Published December 20, 2015
Former Defense Secretary Leon Panetta told Fox News’ Bill O’Reilly Tuesday there is no question the Obama administration’s decision to not maintain a presence in Iraq was a mistake, and President Obama needs to “develop the will to get into the ring and fight” against the Islamic State.
Panetta, who served in the Obama administration for four years, said on “The O’Reilly Factor” that he, then-Secretary of State Hillary Clinton and the director of the CIA made a “very strong case” for keeping at least 10,000 troops in Iraq at the end of the war.
Panetta, who was promoting his new book “Worthy Fights,” said Obama agreed with their assessment but ultimately wasn’t willing to push the Iraqis on the issue.
“I think the president did support providing that 10,000 troop presence in Iraq and supported CIA operations, supported the diplomatic operations that we wanted to continue,” he said. “The real issue was how hard did he fight to make it happen. That’s the issue that I raised.”
Panetta said he believes Obama is on the right track now with the airstrikes against the Islamic State, but he disagrees with the choice to not deploy ground troops in Iraq and Syria.
“Frankly it’s not going to work to do air attacks without people on the ground who know where the targets are and what’s going on,” he said. “Now if we have people we can trust on the ground that’s fine, but if the military thinks that we ought to have the special forces, boots on the ground to do what’s right I think that the president ought to be open to that kind of recommendation. ”
Panetta claimed that while Obama has the “guts” to make the right foreign policy decisions, he sometimes fails to pull the trigger. He said that needs to change in order for the U.S. to defeat the Islamic State, which is also known as ISIS or ISIL.
“I want this president to be successful and I want this country to be successful,” Panetta said. “And I think deep down he knows what needs to be done. What he's gotta do is develop the will to fight, to get into the ring in order to make it happen.”
According to Panetta, Obama is also ineffective at times because the president dislikes playing politics in Washington. He said this trait of Obama’s “hurts his presidency” and “hurts him in terms of getting things done.” He said this has led both Congress and Obama to give up on ever reaching a compromise on multiple issues.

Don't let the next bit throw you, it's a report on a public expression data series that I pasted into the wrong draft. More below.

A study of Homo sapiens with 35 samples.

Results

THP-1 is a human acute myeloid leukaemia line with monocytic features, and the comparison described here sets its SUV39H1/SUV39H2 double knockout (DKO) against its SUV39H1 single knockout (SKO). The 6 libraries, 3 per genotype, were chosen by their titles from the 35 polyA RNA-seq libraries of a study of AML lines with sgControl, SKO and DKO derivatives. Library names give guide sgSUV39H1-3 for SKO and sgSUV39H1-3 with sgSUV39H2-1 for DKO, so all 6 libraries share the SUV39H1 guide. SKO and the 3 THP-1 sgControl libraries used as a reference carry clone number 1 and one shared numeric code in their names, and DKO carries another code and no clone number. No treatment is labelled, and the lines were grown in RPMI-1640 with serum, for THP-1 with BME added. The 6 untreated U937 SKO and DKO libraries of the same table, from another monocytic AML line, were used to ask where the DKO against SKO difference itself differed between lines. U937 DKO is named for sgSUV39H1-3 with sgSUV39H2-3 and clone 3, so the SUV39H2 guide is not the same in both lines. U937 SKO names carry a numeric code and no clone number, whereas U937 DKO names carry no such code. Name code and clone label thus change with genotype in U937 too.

”That is what concerns me because I think this country cannot stand another two years of stalemate,” he said.
Panetta also spoke on the attack on Benghazi, saying it was clear to him from the beginning it was a terror attack and he expressed to the president he believed terrorists were involved.
When asked why then-National Security Adviser Susan Rice claimed the attack was in response to an online video, Panetta said her talking points came from the CIA. He said he believes the CIA should have emphasized more clearly that the administration was unclear about what exactly happened at the U.S. Consulate that night.
However, Panetta spoke out in support of Hillary Clinton, saying he finds it hard to believe that she knew the Libyan U.S. compound had poor security before the attack.
“If she had known that there was a problem there in Benghazi she would have done something about it,” he said.
Panetta made waves last week when excerpts from his upcoming memoir were released to the media. In the book, Panetta criticized the White House for its policies on Iraq and Syria.
The Obama administration pushed back hard at Panetta’s comments, with Vice President Joe Biden criticizing them as “inappropriate.”
In response to Panetta’s Iraq claims, State Department spokeswoman Jen Psaki told Fox News that Iraqi officials simply did not want U.S. troops to remain after 2011 and no amount of extra prodding by the White House could have made the difference.
Panetta was director of the CIA from 2009-2011, and secretary of Defense from 2011-2013.